Curator of Contemporary Art / Associate Curator, Open Data Institute
Choosing 6 to focus on was the challenge I hoped it might be. I was looking to be surprised, taken aback or provoked. I was particularly interested in photographers who were engaging critically with the status of the image or the photograph. I also like work that has a strong feeling for the materials it's made with. Either through technical mastery, technical irreverence or wilful subversion. It was of course tricky to appreciate this viewing online - a good reminder of the significance of the material qualities of photographs, however they've been created. I appreciated the way that most students have identified subjects they might make their own, though in some personal statements the spectre of 'artspeak' reared its incomprehensible head. So it's worth noting that some of the more straightforward statements were often the most powerful.
University of Westminster - MA Documentary Photography & Photojournalism
Selector's Comment: Grosso's series about displaced people don't have any people in them. Cars creaking under the weight of large furniture, white goods, mattresses and toys fill the frames. The composition enhances the sculptural qualities of these extraordinary balancing acts. Some of the piles look impossible; the ability of families' worldly goods to sustain the journey is entirely in the gift of strategically placed rounds of string. There is little 'other' here. This is stuff. We all have stuff. Our stuff is what in many ways defines us and makes us feel we are at home.
Selector's Comment: Hammond's striking works caught my interest with her considered use of referencing and layering. It's too easy to create imagery that simply duplicates the visual cacophony of our media saturated environment. She avoids this trap by methodically following a line of thought that slips intriguingly between object, image and architecture. Her combinations of flat stretches of (fabulous blue) colour with more organic forms that could be natural, or could have been constructed by the artist, create a sense of provocative uncertainty. Her work raises interesting questions about the histories and potential futures of the material world.
Selector's Comment: Milo Newman's photographs relocate the tradition of landscape from terra firma to the vastness of (here) unidentified skies. Nothing other than his verbal description tells us we are looking at geese in flight. The birds are reduced to the most basic strands of dots and dashes. They look like marks made by a loosely held pen, or a disobediently skittish dotmatrix printer. Reminiscent of the Latvian American painter Vija Celmins, who works from photographs, his simple images suggest a complex and repeating pattern of life, which poetically moves beyond representation of 'likeness' to a new way of considering the life-like.
Selector's Comment: Orton's personal vocabulary of actions, caught-in-the-act photographs, found photographs and images of the natural world offer different classifications to those we have become accustomed to. The human is no longer the superior observer of the Victorian taxonomist, but an active participant, subject, prosthetic even, of the natural world. Having a long-term working interest in Museum environments, which are heavily defined by early classifications between disciplines, species and art forms, these works really struck a chord with me. I also thought her text was one of the most successful at communicating a complex idea without over-simplifying or over-complicating it.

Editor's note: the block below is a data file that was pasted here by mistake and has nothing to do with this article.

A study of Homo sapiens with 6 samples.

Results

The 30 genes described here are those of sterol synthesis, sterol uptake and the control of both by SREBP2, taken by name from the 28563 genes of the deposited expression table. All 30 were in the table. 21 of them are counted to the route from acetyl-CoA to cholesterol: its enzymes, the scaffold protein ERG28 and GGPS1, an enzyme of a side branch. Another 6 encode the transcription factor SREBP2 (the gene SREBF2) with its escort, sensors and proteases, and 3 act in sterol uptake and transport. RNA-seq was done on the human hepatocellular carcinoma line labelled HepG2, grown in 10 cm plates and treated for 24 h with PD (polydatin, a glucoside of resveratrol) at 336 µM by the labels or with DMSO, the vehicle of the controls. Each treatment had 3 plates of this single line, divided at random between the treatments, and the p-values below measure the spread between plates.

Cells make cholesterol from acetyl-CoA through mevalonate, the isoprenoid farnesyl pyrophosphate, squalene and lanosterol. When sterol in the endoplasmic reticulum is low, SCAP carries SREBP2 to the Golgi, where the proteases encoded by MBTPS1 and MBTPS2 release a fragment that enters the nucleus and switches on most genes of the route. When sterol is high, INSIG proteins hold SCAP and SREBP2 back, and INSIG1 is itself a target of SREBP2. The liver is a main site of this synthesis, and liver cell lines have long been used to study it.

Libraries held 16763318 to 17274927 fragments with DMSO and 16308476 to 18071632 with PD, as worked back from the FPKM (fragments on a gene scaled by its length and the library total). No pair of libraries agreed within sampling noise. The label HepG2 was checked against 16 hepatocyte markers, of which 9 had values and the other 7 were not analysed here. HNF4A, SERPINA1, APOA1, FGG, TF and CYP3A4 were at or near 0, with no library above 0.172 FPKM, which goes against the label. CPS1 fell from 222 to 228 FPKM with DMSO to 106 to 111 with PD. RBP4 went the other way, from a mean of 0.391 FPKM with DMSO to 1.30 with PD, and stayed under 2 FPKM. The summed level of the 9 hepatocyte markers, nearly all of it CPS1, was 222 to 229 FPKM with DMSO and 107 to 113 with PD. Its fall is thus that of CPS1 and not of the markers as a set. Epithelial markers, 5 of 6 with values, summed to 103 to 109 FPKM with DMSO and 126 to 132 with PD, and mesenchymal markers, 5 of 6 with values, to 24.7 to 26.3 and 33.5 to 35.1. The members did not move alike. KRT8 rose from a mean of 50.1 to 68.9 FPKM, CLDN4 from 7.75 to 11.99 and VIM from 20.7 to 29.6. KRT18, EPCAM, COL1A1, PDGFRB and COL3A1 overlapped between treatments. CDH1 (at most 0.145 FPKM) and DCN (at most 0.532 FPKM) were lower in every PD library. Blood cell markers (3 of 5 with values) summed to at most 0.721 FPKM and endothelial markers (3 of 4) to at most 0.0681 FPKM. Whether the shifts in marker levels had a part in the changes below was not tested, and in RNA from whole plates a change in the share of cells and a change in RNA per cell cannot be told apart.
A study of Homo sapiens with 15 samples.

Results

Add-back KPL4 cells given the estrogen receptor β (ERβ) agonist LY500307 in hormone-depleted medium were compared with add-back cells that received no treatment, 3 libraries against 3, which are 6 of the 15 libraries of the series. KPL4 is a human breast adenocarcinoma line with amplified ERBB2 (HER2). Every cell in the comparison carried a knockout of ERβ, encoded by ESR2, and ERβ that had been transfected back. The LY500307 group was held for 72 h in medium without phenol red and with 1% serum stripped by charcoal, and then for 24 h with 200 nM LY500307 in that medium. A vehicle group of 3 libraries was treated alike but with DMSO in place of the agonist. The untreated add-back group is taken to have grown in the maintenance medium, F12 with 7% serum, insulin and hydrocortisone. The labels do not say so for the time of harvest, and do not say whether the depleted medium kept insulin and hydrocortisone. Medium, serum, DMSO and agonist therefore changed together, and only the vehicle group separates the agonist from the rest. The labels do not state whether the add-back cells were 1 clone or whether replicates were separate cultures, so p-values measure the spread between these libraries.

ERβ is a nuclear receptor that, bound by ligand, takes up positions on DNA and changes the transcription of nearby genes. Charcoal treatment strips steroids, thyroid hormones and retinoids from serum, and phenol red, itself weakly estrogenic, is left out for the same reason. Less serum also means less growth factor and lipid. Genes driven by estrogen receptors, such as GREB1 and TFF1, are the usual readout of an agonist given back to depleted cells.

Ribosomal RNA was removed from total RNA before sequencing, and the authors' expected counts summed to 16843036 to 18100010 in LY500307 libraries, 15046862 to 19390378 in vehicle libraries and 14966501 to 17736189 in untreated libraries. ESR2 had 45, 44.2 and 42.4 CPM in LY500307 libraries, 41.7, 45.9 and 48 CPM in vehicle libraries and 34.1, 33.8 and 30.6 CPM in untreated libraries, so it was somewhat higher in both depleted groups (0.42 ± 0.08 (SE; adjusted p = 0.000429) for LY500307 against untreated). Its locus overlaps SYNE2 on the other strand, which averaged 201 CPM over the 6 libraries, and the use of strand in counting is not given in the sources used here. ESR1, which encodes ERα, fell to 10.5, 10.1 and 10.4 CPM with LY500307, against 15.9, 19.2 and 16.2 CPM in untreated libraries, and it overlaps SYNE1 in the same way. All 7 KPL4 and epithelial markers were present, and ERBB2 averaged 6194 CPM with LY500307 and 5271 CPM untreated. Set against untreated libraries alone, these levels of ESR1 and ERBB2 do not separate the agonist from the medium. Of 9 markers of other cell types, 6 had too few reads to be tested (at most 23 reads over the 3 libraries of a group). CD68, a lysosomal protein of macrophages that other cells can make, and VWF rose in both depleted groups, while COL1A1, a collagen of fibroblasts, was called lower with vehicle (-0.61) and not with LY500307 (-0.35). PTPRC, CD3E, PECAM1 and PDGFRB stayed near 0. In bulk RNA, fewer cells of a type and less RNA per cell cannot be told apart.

Selector's Comment: Quigley throws the tradition of reverently capturing disappearing cultures out the window. Her joyfully irreverent super-neon interventions propel tightly contained domestic interiors of Irish old into the present moment. The neon balls of wool, suspended in the space and time of a long defunct range, give the clearest sense of the artist as performer and mischievous provocateur. I love the way she turns seeming abject degradation and misery into celebratory acts that could be called vandalism, if they weren't so clearly produced as acts of creativity.
Goldsmiths University of London - MA Photography: the Image and Electronic Arts
Selector's Comment: 'Known criminals' have been subjects of photography since its earliest days, from rogues galleries to more 'scientific' typecasting. The main subject of Schönstädt's full frontal facial portraits of perpetrators is clearly the depth of the face on its own terms. Her subjects are defined by their own unique features without any other framing or homogenising device, not even clothes. Even their chins and foreheads are by-passed. The project includes interviews and biographies of the participants, but on the photographs alone you can 'read' evidence of the time she has invested in the relationships. This carries out to the viewer.
Hannah Redler is a contemporary art curator and museum professional, working with international artists and organisations on projects engaging with science, technology, new media and photography. She is currently combining independent projects and teaching with her role as Associate Curator for the Open Data Institute founded (by Sir Tim Berners Lee and Prof Nigel Shadbolt) to catalyse open data culture. From 2005 - 2014 Hannah was Head of Science Museum Arts Programme, having been art curator from 1999 - 2004. There she commissioned works across arts forms, for gallery interventions, residencies, events and art exhibitions. In 2012 her role was promoted to also lead the inaugural curatorial programme for Media Space, which opened in 2012 showcasing the National Photography Collection. Hannah started her museum career at the National Media Museum in the late 1990s and is a trustee of the Kraszna-Krausz Foundation.